The added value of engineers in non-profit social action organisations

If organisations are not managed well, they won’t be efficient enough when it comes to provide assistance to its beneficiaries and hence, their social impact will be lower.

Engineers in general, and industrial engineers particularly, are professionals covering a wide range of fields. They often start off their career doing technical tasks and the, progressively take on organisations, managerial and leadership tasks. It’s not unusual for them to complete their education with an MBA offered by business schools.

The sectors is used to working with annual budgets, objectives, balance sheets and profit and loss accounts, and also monitor all this and take the right decisions to achieve the expected outcomes. All this expertise is wasted at the end of one’s professional life, but fortunately, more and more we reach this stage of life in a healthy mental and physical state.

At the same time, there are many non-profit organisations with excellent values and assistance tasks; they know their job well and how do get the work done. Sometimes, all the managerial work falls behind, because non-profit organisations work with their heart rather than with their brain. We believe that striking the right balance with this situation would make a more effective use of the available resources.

The knowledge and expertise acquired by engineers (among others) during their professional life are very valuable for non-profit organisations. Engineers can provide advice for organisational and managerial roles, making a better use of resources and come up with strategic decisions while also bringing in a business vision from a different approach.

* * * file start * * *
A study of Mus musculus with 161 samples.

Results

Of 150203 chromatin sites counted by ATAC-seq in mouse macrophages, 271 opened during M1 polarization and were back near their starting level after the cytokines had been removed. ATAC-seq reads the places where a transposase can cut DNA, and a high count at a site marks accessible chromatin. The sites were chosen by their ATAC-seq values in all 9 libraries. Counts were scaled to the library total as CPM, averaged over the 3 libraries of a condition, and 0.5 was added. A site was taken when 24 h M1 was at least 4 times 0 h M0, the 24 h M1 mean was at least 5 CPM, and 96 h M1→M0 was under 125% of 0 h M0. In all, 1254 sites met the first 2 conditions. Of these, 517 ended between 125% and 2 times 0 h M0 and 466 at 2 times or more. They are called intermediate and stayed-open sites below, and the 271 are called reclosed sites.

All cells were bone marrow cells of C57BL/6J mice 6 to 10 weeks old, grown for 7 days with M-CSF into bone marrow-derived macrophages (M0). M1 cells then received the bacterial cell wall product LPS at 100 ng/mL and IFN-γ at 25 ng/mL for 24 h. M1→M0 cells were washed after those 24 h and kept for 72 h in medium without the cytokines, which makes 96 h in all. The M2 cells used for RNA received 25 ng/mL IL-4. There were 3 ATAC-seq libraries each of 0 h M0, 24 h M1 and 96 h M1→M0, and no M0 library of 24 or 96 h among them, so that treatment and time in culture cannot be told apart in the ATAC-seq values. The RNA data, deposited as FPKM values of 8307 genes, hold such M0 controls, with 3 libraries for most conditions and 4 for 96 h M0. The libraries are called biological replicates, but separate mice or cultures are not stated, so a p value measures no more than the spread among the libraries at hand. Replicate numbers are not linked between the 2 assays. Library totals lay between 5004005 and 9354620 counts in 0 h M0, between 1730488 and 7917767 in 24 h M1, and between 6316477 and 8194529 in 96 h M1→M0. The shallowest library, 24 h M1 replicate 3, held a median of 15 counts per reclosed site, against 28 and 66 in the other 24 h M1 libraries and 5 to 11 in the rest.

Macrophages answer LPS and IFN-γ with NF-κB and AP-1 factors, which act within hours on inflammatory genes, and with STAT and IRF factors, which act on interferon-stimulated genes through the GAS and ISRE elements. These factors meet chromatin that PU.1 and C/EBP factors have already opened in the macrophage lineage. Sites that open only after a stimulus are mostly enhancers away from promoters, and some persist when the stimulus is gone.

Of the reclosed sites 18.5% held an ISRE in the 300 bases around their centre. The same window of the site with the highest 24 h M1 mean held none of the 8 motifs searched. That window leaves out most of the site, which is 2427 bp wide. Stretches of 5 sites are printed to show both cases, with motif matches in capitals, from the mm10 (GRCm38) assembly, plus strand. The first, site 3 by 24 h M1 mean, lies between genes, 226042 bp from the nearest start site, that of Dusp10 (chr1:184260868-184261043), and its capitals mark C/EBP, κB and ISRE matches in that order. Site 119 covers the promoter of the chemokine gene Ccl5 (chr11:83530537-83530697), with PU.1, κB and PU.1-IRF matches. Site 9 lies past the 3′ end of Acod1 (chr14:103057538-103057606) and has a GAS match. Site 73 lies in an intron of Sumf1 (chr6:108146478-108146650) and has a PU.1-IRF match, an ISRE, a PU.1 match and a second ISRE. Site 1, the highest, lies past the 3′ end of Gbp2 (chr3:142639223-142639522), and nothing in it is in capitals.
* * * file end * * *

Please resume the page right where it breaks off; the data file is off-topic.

If organisations are not managed well, they won’t be efficient enough when it comes to provide assistance to its beneficiaries and hence, their social impact will be lower.

Success in bringing engineers onboard non-profit organisations working in the third sector lies in the ability to find and contact people who are willing to volunteer their skills and knowledge for social organisations.

In this sense, there’s a very interesting experience that’s been running for five years. The Association of Catalan Industrial Engineers (EIC) has a programme called Volunteer Engineers together with the Association of Computer Engineers of Catalonia (COEIC) that has contacted more than 100 engineers, 50 of which collaborate or have collaborated with more than 20 non-profit organisations. The experience has also manage to attract engineers that are professionally active to participate and also corporate volunteers from companies that are close to the corporate responsibility programme.